Portsmouth city will see the launch of a two year school attendance campaign this week – Miss school, miss out!
The new ‘Miss School, Miss Out’ campaign aims to improve school attendance levels in the city by highlighting to parents / carers and students what they can achieve if they have good attendance and reach their full potential, as well as illustrating how missing school can limit their future lives.
It’s important to ensure that each child attends school regularly. Evidence shows that children who do so are more successful, not only in school, but in all areas of life. Missing school means not only missing out on lessons, but also clubs, friendships, careers support, trips and all the other opportunities that school has to offer. If children understand the importance of regular attendance from an early age, it helps them to maintain that attitude throughout their school life and into their work life.
Portsmouth City Council is committed to ensuring that every child gets the chance to go to school to help them to get the best possible start to life.
Did you know?
- Last year 1 in 5 children in Portsmouth missed a week of school because of unauthorised absence, leaving gaps in their learning.
- Each day of school missed by a child will reduce their attendance by 0.5%, and will mean they miss five lessons. Ten whole days of school has been missed if a pupil has 95% attendance – that’s 50 lessons. Twenty whole days of school has been missed if a pupil’s attendance is 90%. Catching up on missed lessons impacts on the pupil, the teacher and other pupils in that class.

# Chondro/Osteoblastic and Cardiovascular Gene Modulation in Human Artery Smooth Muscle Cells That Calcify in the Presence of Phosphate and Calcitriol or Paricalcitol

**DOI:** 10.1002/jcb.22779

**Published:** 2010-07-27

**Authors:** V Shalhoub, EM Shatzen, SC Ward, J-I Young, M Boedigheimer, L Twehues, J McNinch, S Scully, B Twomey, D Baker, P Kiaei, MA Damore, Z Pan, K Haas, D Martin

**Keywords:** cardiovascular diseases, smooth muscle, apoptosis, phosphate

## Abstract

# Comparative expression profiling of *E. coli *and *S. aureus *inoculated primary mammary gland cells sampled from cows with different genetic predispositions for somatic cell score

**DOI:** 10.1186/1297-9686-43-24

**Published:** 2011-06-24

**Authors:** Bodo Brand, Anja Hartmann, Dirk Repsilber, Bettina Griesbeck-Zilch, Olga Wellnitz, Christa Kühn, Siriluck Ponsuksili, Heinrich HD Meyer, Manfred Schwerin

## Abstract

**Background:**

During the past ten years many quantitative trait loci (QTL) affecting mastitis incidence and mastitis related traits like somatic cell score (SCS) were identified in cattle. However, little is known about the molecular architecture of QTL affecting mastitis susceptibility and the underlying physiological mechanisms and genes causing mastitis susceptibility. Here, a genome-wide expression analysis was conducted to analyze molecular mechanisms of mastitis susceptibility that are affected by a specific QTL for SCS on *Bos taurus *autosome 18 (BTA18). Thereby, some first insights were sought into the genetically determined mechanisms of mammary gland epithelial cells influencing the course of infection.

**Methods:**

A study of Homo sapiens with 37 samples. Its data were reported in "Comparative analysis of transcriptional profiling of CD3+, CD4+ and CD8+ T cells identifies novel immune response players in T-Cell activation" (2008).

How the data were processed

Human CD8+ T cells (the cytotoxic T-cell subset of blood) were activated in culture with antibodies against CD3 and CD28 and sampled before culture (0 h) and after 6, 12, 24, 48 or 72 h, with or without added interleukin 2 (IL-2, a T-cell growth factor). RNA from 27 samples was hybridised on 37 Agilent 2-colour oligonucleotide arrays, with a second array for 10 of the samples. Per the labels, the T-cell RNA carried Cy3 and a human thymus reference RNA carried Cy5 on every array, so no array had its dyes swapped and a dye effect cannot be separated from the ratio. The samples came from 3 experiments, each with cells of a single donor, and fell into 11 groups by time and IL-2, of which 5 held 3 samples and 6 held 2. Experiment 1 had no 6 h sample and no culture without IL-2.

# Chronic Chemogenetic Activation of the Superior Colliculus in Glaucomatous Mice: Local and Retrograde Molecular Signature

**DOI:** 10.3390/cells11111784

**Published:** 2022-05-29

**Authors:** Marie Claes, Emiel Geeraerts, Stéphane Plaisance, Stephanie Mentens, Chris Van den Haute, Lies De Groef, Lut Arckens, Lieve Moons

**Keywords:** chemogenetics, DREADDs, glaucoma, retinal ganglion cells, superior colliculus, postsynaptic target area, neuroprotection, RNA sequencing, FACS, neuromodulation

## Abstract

- If a pupil is persistently absent (85% attendance) they have missed 6 weeks or half a term of schooling.
- Being 15 minutes late each day is the same as missing two weeks of school over the year.
What is authorised and unauthorised absence?
Term-time absence must be approved by the Headteacher. This is called authorised absence. At the Headteacher’s discretion, absence may be authorised for genuine illness, for reasons of religious belief or for family trauma. Check with your school to be sure you understand their policy on authorised absence.
Any absence not approved by the Headteacher is an unauthorised absence. Unauthorised absence includes things like time off for shopping, birthdays, holidays, visiting relatives, arriving late, and having days out.
When is a child too ill to come to school?
We know that illness is sometimes unavoidable and to be expected. However it is very important to inform the school as soon as possible on the first day of absence, letting them know the reason, by phone, email, letter or in person at the school office so that the absence is authorised.
Not all illnesses need time off school. Here’s some useful NHS guidance on whether or not children can come in to school with different types of illness.
Parents and carers are legally responsible for making sure their children attend school regularly – unless they are home educated – and schools can offer help and support to any families who are struggling with attendance for any reason
Top tips to help prevent absence
- talk to your child about how important it is to attend school
- inspire them to think about what they would like to be when they grow up, and how school can help with that
- ask regularly about how school is going
- use the NHS guidance on illness
- book all holidays outside of term time
- book medical and dental appointments outside school hours if possible – and if not possible, ensure your child attends school before and after the appointment
- if your child complains of boredom, contact their class teacher, form teacher or head of year to find out more
- provide a good environment for study at home and ensure they have time set aside for homework
- find out if your child wants to avoid school for a reason that they’re frightened to tell you about – perhaps they’re being bullied. NHS Healthier Together has helpful advice on discussing a range of issues with your child.
- work with the school to address any attendance issues.
For more information please click here.